1. Air cleaner
This is the easiest and most cost-effective change to make that has the largest impact on fuel efficiency. As an air filter traps dirt, air flow is restricted. And if the engine can’t get the air it needs, it cannot perform to specifications. That’s why changing/cleaning your air filter on a regular basis can significantly improve fuel economy.
Some excavators come standard with an air-flow restriction indicator that warns the operator when it is time to change the filters. However, waiting for this warning means you’ve already arrived at the point where you’re likely wasting fuel.
A visual inspection should be done every 50 hours to ensure peak operating performance. Most machines allow quick and easy access to the filter and can be easily inspected daily before starting the job.
2. Grease fittings
Keeping the working end of an excavator properly lubricated can help improve fuel efficiency by requiring less power to perform digging functions. The majority of grease fittings on the working end of an excavator should be greased daily, or weekly at the longest.
3. Hydraulic oil
Changing the hydraulic oil according to the manufacturer’s recommendations can help improve hydraulic system efficiency, which in turn can help improve fuel efficiency. Excavators are basically a hydraulic power unit. So, the more efficient the hydraulics, the less power that’s required to perform the tasks.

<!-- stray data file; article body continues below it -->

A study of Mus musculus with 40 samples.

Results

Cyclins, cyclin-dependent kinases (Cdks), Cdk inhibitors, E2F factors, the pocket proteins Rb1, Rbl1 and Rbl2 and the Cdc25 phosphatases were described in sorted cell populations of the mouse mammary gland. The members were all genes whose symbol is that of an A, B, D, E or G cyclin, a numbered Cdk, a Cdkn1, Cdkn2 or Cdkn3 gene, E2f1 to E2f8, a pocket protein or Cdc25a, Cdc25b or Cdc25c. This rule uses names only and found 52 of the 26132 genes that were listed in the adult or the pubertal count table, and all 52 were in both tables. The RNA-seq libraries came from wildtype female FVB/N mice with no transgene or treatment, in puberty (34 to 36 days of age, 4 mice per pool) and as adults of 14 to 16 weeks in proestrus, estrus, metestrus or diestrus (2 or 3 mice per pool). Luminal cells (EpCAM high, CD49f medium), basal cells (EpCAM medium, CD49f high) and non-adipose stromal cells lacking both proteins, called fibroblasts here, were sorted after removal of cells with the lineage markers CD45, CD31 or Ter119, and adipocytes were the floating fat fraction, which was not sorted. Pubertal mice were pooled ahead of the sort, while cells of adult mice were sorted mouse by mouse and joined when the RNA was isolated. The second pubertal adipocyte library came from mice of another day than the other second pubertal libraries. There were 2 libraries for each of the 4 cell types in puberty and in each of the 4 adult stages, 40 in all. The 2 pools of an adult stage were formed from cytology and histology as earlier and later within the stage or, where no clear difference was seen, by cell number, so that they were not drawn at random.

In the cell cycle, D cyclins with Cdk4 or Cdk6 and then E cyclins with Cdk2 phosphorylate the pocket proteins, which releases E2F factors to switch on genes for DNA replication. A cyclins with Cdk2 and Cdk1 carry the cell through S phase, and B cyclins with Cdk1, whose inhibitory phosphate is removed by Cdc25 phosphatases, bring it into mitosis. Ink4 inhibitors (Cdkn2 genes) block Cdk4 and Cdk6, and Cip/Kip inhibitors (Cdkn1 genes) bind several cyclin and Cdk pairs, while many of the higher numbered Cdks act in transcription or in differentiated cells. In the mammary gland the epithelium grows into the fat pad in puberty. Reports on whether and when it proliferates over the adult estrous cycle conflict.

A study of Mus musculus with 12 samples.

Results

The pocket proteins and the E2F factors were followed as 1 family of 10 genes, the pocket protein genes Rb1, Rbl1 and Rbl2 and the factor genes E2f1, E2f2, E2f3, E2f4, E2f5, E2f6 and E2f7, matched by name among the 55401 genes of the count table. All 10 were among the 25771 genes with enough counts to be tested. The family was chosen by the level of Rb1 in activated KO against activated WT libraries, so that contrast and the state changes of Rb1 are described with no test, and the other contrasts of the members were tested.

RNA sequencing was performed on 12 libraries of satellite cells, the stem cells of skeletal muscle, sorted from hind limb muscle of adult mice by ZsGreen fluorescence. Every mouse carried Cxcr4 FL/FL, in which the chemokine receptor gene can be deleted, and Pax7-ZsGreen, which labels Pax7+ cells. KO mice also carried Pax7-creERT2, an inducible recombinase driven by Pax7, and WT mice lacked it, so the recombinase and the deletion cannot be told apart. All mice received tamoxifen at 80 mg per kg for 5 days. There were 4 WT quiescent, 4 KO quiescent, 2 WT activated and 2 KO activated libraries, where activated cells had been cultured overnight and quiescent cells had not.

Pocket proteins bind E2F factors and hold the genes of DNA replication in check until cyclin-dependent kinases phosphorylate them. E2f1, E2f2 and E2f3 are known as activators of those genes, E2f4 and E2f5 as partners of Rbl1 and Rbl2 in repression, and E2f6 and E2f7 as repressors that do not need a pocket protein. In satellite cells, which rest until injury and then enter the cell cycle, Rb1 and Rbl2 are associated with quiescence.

4. Engine oil
Changing the engine oil according to the manufacturer’s recommendations ensures proper lubrication, which means less friction during operation. The easier it is for engine parts to spin, the more efficient it will be.
5. Lower engine rpm
If the job you are performing does not require full power, running the engine at a slightly lower engine RPM can have a significant impact on fuel economy. Most compact excavators have very efficient hydraulic systems that function with power and control, even at reduced engine RPM.
“Most mini excavators aren’t doing production digging on a daily basis, so a low RPM is usually fine,” said Caterpillar analyst Darren Wilson.The right combination of engine and hydraulics helps improve performance.
“When comparing two excavators in the same size class, one might have 25 percent more gross engine horsepower, but the hydraulic horsepower could be neck and neck,” Wilson explained. “While gross horsepower is an important consideration, hydraulic horsepower is what really matters, because it measures pump output. You want an engine and hydraulic system that operate at peak efficiency.”